The Wild Book, written by Margarita Engle. Harcourt, Houghton Mifflin Harcourt, Thomas Allen & Son. 2012. $18.50 ages 10 and up

"I don't understand
the whole thrilling verse,
but I love the way poetry
turns ordinary words
into winged things
that rise up
and soar!"

Another favorite author of mine...I read each of her books with renewed energy for the beautifully chosen words and the cultural stories Margarita Engle so proudly shares. This newest one is about her grandmother....Josefa de la Caridad Uria Pena, called Fefa. It is the early 1900s and not much is known about personal struggles with reading. Few children have accurately diagnosed learning difficulties.

Fefa lives with her parents and a large number of siblings...there are eleven children in all. Fefa has been diagnosed inaccurately by a doctor who calls her disability 'word-blindness'. Today, we call it dyslexia. She lives in a family of readers, who love words and often share poetry. The doctor advises that she will 'never' be a  good student:

The doctor hisses it
like a curse.
he repeats - some children
can see everything
except words.
They are only blind
on paper.
Fefa will never be able
to read, or write,
or be happy
at school."

That is some life sentence for a young girl, isn't it?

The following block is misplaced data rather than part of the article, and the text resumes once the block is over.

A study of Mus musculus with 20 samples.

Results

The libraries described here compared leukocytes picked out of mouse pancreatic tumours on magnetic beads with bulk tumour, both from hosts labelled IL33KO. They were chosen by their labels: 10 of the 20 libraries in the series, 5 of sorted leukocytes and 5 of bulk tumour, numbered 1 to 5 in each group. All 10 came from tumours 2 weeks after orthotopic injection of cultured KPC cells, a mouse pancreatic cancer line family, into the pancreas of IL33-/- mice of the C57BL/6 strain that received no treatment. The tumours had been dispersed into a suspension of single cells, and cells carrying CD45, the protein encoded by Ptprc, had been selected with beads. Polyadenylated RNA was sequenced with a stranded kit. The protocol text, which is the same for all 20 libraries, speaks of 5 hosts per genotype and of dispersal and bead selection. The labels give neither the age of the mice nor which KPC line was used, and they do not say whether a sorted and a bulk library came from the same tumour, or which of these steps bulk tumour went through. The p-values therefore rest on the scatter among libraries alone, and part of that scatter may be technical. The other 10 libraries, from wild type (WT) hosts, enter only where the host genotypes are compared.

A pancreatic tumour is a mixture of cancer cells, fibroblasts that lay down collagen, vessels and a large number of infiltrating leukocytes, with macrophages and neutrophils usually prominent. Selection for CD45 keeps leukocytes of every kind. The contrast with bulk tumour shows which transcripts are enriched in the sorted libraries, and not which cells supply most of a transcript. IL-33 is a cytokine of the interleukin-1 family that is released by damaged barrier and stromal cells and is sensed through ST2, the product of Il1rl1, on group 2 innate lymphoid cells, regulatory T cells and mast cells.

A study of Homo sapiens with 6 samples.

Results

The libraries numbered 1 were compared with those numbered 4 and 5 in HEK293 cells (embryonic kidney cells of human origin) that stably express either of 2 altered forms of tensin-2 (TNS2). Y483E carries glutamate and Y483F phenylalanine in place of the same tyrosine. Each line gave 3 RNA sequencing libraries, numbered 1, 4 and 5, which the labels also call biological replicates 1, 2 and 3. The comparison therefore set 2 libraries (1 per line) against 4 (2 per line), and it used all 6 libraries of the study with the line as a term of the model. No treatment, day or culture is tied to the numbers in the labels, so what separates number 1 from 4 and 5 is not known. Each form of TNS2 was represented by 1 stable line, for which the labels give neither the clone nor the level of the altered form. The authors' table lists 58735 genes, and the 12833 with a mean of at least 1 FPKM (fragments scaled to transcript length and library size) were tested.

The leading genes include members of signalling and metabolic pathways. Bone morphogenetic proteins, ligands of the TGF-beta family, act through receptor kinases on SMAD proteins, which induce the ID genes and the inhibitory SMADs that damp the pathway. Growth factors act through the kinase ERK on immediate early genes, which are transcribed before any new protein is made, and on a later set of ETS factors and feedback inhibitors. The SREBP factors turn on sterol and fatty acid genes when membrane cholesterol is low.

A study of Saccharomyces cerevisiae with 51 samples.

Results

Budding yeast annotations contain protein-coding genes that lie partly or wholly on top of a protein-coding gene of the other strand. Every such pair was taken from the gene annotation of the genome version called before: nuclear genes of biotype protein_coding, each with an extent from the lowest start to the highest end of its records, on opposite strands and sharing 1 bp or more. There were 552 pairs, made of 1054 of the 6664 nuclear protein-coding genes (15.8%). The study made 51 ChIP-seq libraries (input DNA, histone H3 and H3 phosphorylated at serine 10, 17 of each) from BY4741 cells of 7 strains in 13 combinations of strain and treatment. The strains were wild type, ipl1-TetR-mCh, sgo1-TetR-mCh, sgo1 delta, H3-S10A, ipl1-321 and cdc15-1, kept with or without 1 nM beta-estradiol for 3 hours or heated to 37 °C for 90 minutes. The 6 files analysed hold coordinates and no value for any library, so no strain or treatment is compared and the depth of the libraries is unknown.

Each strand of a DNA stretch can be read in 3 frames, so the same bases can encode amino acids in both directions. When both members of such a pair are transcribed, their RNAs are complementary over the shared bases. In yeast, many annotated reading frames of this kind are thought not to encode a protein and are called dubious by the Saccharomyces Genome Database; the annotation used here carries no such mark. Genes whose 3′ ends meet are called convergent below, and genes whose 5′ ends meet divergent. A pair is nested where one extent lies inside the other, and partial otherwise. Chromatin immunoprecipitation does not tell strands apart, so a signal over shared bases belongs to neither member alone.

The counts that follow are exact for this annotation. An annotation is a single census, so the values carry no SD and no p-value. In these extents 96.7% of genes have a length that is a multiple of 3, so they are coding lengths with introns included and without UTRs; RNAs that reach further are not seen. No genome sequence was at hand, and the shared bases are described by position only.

Mama won't accept that diagnosis, and she offers Fefa a gift - a small blank book for writing.  It doesn't end the frustrations, or the failure to learn quickly; but it does provide a vehicle for hope. When she learns that wandering bandits are threatening families with kidnapping their children in hopes of getting ransom money, Fefa shows great concern over being unable to read the note that might be left on her family's doorstep.

This wondrous author is able to create a Cuban setting that puts the reader right in the countryside with Fefa and her family. It sparkles with life and provides a backdrop for this tale of dogged determination and love. Fefa, at 11, is an intelligent and strong narrator, and a most patient learner. Her struggles at school are heartbreaking, but she is not a giving-in kind of girl.

When her brother is accidently shot, and comes home to recuperate, it is Fefa's job to keep him company and to read to him:

"I would rather tell riddles
or sing funny liars' songs,
like the one about the spider
who sews clothes for a cricket,
or the one about silly fleas
who wear fancy trousers,
even though they do not
own any underwear at all.

Instead I have to SOUND OUT
all the difficult syllables
of tiny pieces of long poems
un - til
I am
hope - less - ly
fu -ri - ous - ly
wea - ry."

She works hard and it pays off when the family is threatened. She is astute and unafraid then, and she shows just how much she does know about the written word:

"Our family is safe.
Papa calls me a heroine.
Mama calls me an angel.
Jose tells me that I am
the slowest, most careful,
observant reader
he has ever known."

Fefa beams with well-earned pride.

An author's note explains the impetus for writing this very special homage to her maternal grandmother, her perseverance and resilience.